The British Medical Association (BMA) says charging foreigners to use the NHS would force GPs to ask for identity from every patient, includingUKnationals, when they register.
The BMA says it cannot see how the government’s plans would work, with identity checks an “intrusion and inconvenience” for patients, risking the delicate doctor-patient relationship.
Under the plans, set out earlier in the summer, people from outside Europe staying in theUKfor up to five years would be charged at least £200 a year for access to NHS healthcare.
Charges already in place for non-European Economic Area migrants accessing hospital care would be extended to GP visits.
The Department of Health argues the proposals would “protect the NHS from costly abuse.” However the BMA say the plans were “impractical, inefficient, uneconomic and could cause unintended damage to NHS services.”
Responding to the government’s consultation document, the BMA said: “Doctors’ primary ethical duty…is to respond to the needs of their patients. It is our view that doctors should not be required to make judgements on the immigration status of patients or their entitlement to treatment under the regulations.”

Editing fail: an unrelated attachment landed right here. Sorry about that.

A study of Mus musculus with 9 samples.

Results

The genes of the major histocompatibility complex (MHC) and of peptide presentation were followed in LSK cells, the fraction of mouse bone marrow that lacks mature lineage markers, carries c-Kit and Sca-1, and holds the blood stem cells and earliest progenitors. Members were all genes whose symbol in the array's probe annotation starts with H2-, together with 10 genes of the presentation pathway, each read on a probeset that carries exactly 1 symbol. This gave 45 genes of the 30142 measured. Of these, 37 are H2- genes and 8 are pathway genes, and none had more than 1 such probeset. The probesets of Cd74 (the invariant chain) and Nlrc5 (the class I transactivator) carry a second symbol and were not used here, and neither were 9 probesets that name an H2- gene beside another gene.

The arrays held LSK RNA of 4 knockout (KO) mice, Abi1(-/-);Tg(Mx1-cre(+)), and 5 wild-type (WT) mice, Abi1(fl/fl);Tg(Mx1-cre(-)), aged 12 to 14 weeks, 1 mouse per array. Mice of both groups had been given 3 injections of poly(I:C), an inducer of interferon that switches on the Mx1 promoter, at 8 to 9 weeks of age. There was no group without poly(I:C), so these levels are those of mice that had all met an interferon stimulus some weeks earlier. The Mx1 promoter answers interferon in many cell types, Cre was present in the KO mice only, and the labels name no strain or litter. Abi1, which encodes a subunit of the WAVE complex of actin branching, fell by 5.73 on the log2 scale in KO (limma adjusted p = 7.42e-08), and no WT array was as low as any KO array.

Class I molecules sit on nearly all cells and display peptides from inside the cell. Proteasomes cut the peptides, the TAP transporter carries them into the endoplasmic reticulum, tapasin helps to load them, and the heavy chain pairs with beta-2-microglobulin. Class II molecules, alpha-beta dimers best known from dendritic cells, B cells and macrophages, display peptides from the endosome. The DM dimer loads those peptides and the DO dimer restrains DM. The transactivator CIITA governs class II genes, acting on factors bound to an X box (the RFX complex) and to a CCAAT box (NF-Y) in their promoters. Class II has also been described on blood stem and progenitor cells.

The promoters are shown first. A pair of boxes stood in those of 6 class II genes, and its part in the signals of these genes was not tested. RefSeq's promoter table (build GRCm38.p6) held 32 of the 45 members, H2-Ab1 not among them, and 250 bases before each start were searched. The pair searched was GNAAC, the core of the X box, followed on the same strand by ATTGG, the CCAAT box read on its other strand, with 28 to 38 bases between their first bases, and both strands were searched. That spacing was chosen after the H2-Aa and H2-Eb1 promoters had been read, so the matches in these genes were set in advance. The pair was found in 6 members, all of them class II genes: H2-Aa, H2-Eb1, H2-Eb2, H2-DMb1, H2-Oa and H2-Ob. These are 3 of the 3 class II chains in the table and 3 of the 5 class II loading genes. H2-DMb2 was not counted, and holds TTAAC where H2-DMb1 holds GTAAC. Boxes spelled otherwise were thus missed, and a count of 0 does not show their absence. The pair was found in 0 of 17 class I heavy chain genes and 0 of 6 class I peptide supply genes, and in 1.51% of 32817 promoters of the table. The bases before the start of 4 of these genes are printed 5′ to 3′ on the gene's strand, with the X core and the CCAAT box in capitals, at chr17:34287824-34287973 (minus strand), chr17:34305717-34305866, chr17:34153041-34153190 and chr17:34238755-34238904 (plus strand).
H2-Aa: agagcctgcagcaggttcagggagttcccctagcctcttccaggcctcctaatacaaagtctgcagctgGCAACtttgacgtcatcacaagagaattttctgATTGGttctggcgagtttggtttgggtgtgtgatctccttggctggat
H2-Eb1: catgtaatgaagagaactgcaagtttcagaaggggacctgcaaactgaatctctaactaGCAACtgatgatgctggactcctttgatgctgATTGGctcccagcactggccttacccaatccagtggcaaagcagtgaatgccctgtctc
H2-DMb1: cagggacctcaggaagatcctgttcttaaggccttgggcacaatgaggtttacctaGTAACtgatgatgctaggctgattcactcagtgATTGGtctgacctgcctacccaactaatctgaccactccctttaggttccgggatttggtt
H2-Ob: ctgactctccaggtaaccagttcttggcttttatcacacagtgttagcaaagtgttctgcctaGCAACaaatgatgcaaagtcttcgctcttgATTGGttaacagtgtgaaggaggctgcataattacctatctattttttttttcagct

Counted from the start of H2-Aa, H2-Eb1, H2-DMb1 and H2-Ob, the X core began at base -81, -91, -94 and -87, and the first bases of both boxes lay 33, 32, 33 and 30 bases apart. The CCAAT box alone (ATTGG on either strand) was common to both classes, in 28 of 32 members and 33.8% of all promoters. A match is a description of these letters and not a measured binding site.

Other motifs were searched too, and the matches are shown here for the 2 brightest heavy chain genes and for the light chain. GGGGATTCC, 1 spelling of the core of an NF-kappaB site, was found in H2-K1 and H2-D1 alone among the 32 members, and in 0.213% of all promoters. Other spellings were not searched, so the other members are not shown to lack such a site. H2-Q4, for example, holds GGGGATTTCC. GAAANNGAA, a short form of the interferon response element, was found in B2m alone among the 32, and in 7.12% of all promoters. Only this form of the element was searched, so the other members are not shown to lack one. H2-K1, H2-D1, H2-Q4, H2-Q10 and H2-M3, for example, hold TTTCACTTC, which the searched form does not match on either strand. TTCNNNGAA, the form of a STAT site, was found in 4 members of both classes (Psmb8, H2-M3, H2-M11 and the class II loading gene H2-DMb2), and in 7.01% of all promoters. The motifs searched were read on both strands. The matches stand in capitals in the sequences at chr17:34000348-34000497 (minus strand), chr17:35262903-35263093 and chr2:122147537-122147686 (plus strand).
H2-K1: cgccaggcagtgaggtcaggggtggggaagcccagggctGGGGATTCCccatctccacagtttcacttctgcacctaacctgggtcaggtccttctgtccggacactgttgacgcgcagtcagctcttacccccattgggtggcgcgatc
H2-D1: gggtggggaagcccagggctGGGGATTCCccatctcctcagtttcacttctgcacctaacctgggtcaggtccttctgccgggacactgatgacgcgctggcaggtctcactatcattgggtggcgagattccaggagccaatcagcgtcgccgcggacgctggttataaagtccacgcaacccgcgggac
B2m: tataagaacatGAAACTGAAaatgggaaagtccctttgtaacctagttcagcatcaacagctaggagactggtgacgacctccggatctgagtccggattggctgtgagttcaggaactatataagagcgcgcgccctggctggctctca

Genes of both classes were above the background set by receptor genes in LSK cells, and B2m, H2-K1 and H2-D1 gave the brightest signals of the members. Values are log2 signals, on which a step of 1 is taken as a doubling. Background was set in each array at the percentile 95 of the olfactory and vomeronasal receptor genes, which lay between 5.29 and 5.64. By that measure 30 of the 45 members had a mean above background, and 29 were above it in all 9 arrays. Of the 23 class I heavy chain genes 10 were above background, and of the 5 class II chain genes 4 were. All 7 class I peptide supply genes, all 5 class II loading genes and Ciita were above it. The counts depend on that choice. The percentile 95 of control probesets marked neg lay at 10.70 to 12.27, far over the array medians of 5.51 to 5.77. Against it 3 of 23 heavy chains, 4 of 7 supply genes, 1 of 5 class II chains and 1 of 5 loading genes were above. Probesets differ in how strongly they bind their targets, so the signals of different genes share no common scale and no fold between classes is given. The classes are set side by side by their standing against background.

The Department of Health have sought to reassure doctors they wouldn’t become de facto immigration officers.
“We want to work alongside doctors to bring about improvements, but we must all work together to protect the NHS from costly abuse,” a spokesman said.
“We want a system that is fair for the British taxpayer by ensuring that foreign nationals pay for their NHS treatment.”